Council boss ordered to Climbié inquiry
Victoria Climbie died after horrific abuse
The director of Haringey social services has been asked to attend the inquiry into the death of Victoria Climbié.

The inquiry chairman Lord Laming ordered Anne Bristow to attend after hearing that important documents relating to the case were being handed in late or not at all.

Victoria, eight, died at the hands of her great-aunt Marie Therese Kouao, 44, and her boyfriend Carl Manning, 28.


This inquiry is not a game

Neil Garnham QC
Counsel to the inquiry
The pair were jailed for life for her murder.

Victoria, who was in the care of Haringey social services at the time of her death, had 128 separate injuries when she died in February last year.

She had been kept bound and gagged in a bath and fed on scraps.

Lord Laming was angry that several documents relating to the case had not been provided by Haringey Council.

Neil Garnham QC, counsel to the inquiry, said he had just been given three documents from the council - two of which he was seeing for the first time.

'Deeply disturbing'

"We for our part find it frankly astonishing that this material should come so late," he told the inquiry.

He said the documents were important - one of them deals with what lessons Haringey has learned as a result of the death of Victoria.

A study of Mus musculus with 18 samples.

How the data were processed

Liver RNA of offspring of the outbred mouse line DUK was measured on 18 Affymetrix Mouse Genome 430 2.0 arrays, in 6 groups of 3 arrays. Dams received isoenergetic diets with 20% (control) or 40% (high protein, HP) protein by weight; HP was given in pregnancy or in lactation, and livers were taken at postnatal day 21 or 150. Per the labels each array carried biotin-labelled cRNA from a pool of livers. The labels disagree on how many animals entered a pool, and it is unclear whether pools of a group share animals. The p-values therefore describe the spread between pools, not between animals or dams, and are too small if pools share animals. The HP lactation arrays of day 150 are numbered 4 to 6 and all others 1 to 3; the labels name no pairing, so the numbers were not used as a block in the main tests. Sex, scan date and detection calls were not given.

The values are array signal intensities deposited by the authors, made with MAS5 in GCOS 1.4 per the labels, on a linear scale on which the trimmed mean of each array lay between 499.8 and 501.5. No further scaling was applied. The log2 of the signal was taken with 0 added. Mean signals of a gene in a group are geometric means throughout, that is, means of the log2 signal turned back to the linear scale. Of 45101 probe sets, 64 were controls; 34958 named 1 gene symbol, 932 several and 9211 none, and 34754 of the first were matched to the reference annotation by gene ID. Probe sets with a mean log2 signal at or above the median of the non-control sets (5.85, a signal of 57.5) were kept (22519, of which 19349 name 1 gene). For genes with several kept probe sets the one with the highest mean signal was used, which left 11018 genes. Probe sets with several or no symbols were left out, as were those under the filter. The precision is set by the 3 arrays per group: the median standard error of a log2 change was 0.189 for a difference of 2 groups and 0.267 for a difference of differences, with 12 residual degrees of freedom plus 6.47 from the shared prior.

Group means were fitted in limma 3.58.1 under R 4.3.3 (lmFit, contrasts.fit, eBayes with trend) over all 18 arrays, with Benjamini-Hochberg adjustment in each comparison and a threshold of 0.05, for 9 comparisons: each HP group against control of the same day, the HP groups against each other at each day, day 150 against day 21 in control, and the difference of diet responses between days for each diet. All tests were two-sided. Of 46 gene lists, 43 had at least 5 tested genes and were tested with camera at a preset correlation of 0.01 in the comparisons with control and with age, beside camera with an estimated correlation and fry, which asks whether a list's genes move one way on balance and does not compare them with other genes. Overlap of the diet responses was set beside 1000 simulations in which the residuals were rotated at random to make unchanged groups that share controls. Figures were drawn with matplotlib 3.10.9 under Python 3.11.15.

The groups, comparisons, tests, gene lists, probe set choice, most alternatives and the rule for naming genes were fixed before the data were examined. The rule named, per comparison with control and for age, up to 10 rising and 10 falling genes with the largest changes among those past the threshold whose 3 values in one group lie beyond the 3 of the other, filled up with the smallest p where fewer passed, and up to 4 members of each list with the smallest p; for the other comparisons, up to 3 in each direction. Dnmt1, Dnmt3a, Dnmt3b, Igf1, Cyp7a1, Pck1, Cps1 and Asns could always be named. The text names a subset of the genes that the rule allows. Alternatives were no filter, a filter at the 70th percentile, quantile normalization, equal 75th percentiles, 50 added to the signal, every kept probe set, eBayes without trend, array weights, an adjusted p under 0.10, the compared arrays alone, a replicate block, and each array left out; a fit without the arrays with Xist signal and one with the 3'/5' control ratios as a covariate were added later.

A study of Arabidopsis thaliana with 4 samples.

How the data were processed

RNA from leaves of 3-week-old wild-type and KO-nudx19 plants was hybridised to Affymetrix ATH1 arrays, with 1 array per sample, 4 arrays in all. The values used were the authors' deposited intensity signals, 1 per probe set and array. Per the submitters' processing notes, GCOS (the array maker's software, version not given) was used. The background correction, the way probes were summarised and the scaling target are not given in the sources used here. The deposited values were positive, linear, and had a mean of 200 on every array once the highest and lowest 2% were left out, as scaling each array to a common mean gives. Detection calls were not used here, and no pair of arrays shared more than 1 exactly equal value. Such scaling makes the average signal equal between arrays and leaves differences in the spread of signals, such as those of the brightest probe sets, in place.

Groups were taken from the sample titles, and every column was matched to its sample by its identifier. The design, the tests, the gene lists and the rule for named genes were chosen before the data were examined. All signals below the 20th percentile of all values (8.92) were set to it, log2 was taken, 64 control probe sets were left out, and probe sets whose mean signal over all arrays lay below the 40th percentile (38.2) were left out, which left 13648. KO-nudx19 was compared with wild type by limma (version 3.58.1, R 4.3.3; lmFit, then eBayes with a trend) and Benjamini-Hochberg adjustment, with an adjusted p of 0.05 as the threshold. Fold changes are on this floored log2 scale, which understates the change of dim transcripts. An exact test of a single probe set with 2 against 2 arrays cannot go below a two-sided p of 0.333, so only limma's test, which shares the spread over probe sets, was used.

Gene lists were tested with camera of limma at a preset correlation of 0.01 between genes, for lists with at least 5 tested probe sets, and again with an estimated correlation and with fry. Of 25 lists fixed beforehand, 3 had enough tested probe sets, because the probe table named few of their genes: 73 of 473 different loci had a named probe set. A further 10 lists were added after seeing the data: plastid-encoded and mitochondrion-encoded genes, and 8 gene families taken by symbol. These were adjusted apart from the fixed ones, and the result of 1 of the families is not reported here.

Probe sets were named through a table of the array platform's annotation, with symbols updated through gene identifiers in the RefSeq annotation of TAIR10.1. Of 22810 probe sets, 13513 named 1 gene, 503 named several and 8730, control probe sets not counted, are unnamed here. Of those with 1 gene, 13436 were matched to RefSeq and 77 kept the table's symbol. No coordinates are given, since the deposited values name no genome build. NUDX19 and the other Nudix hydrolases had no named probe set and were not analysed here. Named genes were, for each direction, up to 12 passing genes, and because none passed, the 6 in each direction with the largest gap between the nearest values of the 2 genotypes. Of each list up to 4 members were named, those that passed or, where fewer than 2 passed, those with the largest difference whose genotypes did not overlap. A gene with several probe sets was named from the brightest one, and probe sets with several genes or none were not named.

Mr Garnham urged Lord Laming to order Ms Bristow, the head of Haringey social services, to attend the inquiry through powers set out in the Local Government Act.


We are trying to ascertain what happened to a child and whether that is likely to happen again

Neil Garnham
He said: "This inquiry is not a game.

"We are about serious matters and we are trying to ascertain what happened to a child and whether that is likely to happen again."

Lord Laming said it was "deeply disturbing" that material came to the inquiry in this form and at such a late stage.

He also criticised the council for "being preoccupied with a paperchase rather than the real issues".


It is totally unacceptable

Lord Laming
"It is just not good enough. In fact, more than that. It is totally unacceptable," Lord Laming said.

"This is an important inquiry. It is a difficult inquiry to conduct and it is an inquiry which is of immense importance, not just in respect of previous practice but in learning the lessons for the future," he said.

Lord Laming said the government attached "considerable importance" to the inquiry being conducted thoroughly and correctly.

"I and my colleagues are working hard to achieve that."

He said he had no alternative but to issue the summons to the director of social services at Haringey.